05 October 2013

Part 2 On Park Shutdowns

Update: Some folks have suggested contacting the NPS directly with questions and concerns over these park shutdowns. I tried that approach with the last debacle at Gettysburg mentioned in the previous post. I never received a reply- not even a canned response or acknowledgement. That's water over the dam, but I must say I was disappointed and is why I didn't bother this time. 

And additional reports keep pouring in: No photos or even stopping at unattended overlooks are allowed at some parks, including Mount Rushmore. And while those on the left accuse those on the right of using this as a way to criticize the President, those on the left are, hypocritically, using the situation to  express their "disgust" for the Tea Party and others on the right. They're doing the exact same thing they're accusing others of. Also note that the offer by some states to operate some parks has been declined. Why? Also note the House has passed a funding bill for the NPS and parks and it was rejected by the Senate. So who's keeping the parks closed? That one issue, being so contentious, could be laid to rest if the upper House would allow. I think they like the drama.

Also, its been noted that the Skyline Drive has been closed for "safety reasons." Really? Then why is the road portion - all 469 miles - of the Blue Ridge Parkway (which meets the Skyline Drive) still open? Both are controlled by the National Park Service. As a matter of fact, I was on the BRP Friday and portions of it were being paved. And the BRP is just as "winding" a road as the Skyline Drive. Also, the BRP has "dangerous" overlooks which have to be maintained just like the ones shown in the link above for Mount Rushmore. What's really going on here?


Perhaps there are reasonable (and believable) explanations for this. But, again, the NPS is not sacred and is not above legitimate criticism. They are simply stewards. They are answerable to the people who make their positions and places of employment possible. Let's not forget that. Regardless, the NPS is losing the debate and the public sees many (not all) of these closings as petty and vindictive.

End of udpate.

This is a follow up to the previous post about the Federal government shutting down National parks, monuments, battlefields, etc. The current circumstances are, according to some, unprecedented. I mentioned Claude Moore Colonial Farm in the previous post. Here's more details about that living history farm from Fox Business:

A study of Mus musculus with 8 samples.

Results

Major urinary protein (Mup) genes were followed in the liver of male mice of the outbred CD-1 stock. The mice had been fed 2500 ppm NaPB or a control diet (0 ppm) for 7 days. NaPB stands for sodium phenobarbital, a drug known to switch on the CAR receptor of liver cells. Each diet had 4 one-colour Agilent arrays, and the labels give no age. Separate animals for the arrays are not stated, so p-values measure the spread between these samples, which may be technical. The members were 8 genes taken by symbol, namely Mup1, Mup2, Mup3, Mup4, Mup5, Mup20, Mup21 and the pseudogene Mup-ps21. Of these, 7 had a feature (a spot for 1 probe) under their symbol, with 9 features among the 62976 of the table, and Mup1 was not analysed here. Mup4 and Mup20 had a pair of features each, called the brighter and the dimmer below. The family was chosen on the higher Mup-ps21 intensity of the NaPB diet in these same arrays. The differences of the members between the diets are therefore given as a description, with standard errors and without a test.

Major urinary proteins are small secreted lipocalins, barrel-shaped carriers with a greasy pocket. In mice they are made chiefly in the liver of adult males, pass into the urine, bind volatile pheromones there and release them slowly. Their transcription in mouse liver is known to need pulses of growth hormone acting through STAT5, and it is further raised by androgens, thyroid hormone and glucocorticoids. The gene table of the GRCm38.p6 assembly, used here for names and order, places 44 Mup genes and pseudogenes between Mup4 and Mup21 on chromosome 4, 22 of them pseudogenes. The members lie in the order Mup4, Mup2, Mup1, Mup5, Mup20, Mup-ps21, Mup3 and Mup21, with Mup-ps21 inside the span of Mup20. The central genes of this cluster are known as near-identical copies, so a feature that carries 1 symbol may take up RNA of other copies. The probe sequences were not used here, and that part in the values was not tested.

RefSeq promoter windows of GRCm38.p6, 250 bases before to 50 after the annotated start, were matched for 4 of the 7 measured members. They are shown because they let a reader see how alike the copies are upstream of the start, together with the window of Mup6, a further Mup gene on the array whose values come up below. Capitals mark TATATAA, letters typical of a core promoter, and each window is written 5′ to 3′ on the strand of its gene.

Operators of Claude Moore Colonial Farm in Virginia, for example, say they were shocked when the National Park Service ordered their park be shut.  That's because it's been 80% funded by a local non-profit for years, which agreed to take over 100% of the costs of the facility as of October 1. Still, the National Park Service spent taxpayer money to erect barricades around the park and evict everyone from the farm this week.

“We do not know why CMCF was barricaded from public access or why NPS police escorted staff and volunteers off the property right before a fundraising event on Monday. The National Park Service does not pay CMCFs employees, for its operations, maintenance, events or programs,” Claude Moore Colonial Farm Operations Manager Heather Bodin wrote in an email to FOX Business. "In our 32-year history of running the farm, through other government shutdowns, we have never had to close our doors before.”
So what makes this shutdown different? 

Again, these criticisms are coming from many different sources. Here's another one from the Las-Vegas Review Journal:
Blocking access to fee-collecting parks is one thing. Blocking access to free information is another. The Interior Department, which oversees the National Park Service, put in the work last week to render its website useless. This act alone reflects a profound disdain for the taxpaying public . . . If a federal worker can man a barricade, he can staff a fee collection booth. Red Rock Canyon and Lake Mead collect fees. At Red Rock Canyon, October is prime hiking and biking season, with perfect weather. Closing the canyon now is the equivalent of a retailer shutting its doors in December. The Bureau of Land Management is turning away business. Is the National Park Service or the BLM prepared to give all those who bought annual access passes a pro-rated refund? Of course not.
Besides, the House of Representatives passed a bill to reopen and fully fund the parks, which is their constitutional prerogative. The Senate has rejected that option. So who's for closing the parks? 

And one more question. These WWII Veterans practiced civil disobedience and broke through the barricades at the Iwo Jima memorial. Should they be arrested?

Image from the Weekly Standard

2 comments:

ropelight said...

The Blue Ridge Parkway is especially beautiful in mid-October after the leaves turn. Morning light finds deep green grass shining under white frost, and clear days quickly reveal whole mountainsides of intoxicating colors dancing with golden sunbeams in warm mountain breezes that carry the wonderful smell of blue spruce.

Split rails occasionally decorated with redbirds and blue jays line both sides of the Parkway and here and there rambunctious gray squirrels play joyfully in the meadows.

Vivid memories make me long to visit that stretch of road my grandfather worked on from the Peaks of Otter down to the Carolina Line. I've got a brother-in-law at Smith Mountain Lake and it's about time to give him a call.

Richard G. Williams, Jr. said...

We drove it from NC all the way home before. It is quite the driving experience and beautiful, despite the way the property was acquired. Makes it bitter sweet.